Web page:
November 19, 2019 | 3:05pm | Updated November 19, 2019 | 3:26pm
The Alpha Centauri group is the closest star – or solar – system outside of our own at a distance of 4.3 lightyears, and it can be found in the night sky in the constellation Centaurus. The stars Alpha Centauri A and Alpha Centauri B comprise a binary system, in which the two stars orbit one another.
NASA/ESA Hubble Space Telescope
While some in the scientific community believe finding extraterrestrial life is “probably going to take a long time,” others believe aliens could be more prevalent than previously thought.
A new study suggests intelligent life is likely to inhabit a star system drastically different than ours. The researchers modeled a theoretical Earth into binary star systems — those with two stars — and found that 87 percent of these “exo-Earths” should have the axis tilted similar to that of Earth, an important ingredient for intelligent life.
“Multiple-star systems are common and about 50 [percent] of stars have binary companion stars. So, this study can be applied to a large number of solar systems,” said the study’s co-author, Gongjie Li, in a statement.
These types of discoveries have been made in the past, including most recently LTT 1445 A b, a distant rocky exoplanet that has three stars. LTT 1445 A b is about 22 light-years from Earth. In 2016, NASA discovered a planet orbiting two stars in the OGLE-2007-BLG-349 system, 8,000 light-years away.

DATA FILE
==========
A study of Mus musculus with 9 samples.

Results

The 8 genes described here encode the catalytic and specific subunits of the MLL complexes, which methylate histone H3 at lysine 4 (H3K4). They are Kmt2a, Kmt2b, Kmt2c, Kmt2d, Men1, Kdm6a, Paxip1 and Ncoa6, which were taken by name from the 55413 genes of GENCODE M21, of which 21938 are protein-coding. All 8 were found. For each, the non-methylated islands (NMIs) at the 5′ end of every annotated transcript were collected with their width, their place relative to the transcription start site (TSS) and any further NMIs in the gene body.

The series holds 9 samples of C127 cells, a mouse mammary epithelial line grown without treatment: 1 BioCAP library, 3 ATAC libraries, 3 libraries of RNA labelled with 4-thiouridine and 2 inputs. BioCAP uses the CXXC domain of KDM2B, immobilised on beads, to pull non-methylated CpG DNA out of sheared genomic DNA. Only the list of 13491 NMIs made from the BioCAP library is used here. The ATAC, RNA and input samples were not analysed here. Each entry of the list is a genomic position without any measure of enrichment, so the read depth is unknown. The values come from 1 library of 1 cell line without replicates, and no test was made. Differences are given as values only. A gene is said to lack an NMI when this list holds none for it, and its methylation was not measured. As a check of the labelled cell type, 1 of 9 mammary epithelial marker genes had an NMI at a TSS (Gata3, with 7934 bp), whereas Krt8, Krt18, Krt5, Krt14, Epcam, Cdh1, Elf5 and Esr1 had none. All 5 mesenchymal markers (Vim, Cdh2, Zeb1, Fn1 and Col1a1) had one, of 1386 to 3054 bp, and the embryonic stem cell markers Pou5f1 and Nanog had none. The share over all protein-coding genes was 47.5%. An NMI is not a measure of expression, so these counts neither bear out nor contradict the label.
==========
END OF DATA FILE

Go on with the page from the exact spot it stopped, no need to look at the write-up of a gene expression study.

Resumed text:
A light-year measures distance in space and equals 6 trillion miles.
The researchers compared Earth’s tilt to the tilt of Mars, noting the extreme variations between the two planets, and then looked at what Earth might be like if it were in the Alpha Centauri AB system, 4.4 light-years from Earth.
“Using numerical modeling in α Centauri AB, we show the following: there is a stark contrast between the planetary obliquity variations depending on the host star, planetary neighbors limit the possible spin states for Earth-like obliquity stability and the presence of a moon can destabilize the obliquity, defying our Earth-based expectations,” the researchers added in the study.
“We simulated what it would be like around other binaries with multiple variations of the stars’ masses, orbital qualities and so on,” said Billy Quarles, the study’s principal investigator, in the statement. “The overall message was positive but not for our nearest neighbor.”
Going out farther into deep space, the results became more promising, leading the researchers to believe it’s a possibility.
“In general, the separation between the stars is larger in binary systems and then the second star has less of an effect on the model of Earth,” Li added. “The planet’s own motion dynamics dominate other influences and obliquity usually has a smaller variation. So, this is quite optimistic.”
The study has been published in the scientific journal Astrophysical Journal and was funded by NASA’s Exobiology Program.
A comprehensive study published in June found no evidence of extraterrestrial life among more than 1,300 stars in close proximity to Earth, a hunt that spanned more than three years.
A separate study published that month drastically cut the number of planets that could potentially host intelligent life, noting that the definition for the “habitable zone” — the distance between a planet and star — “is likely limited relative to that for microbial life.”
In October, a former NASA scientist published a stunning op-ed saying he is convinced that the space agency “found evidence of life” on Mars in the 1970s. NASA has vehemently denied this claim.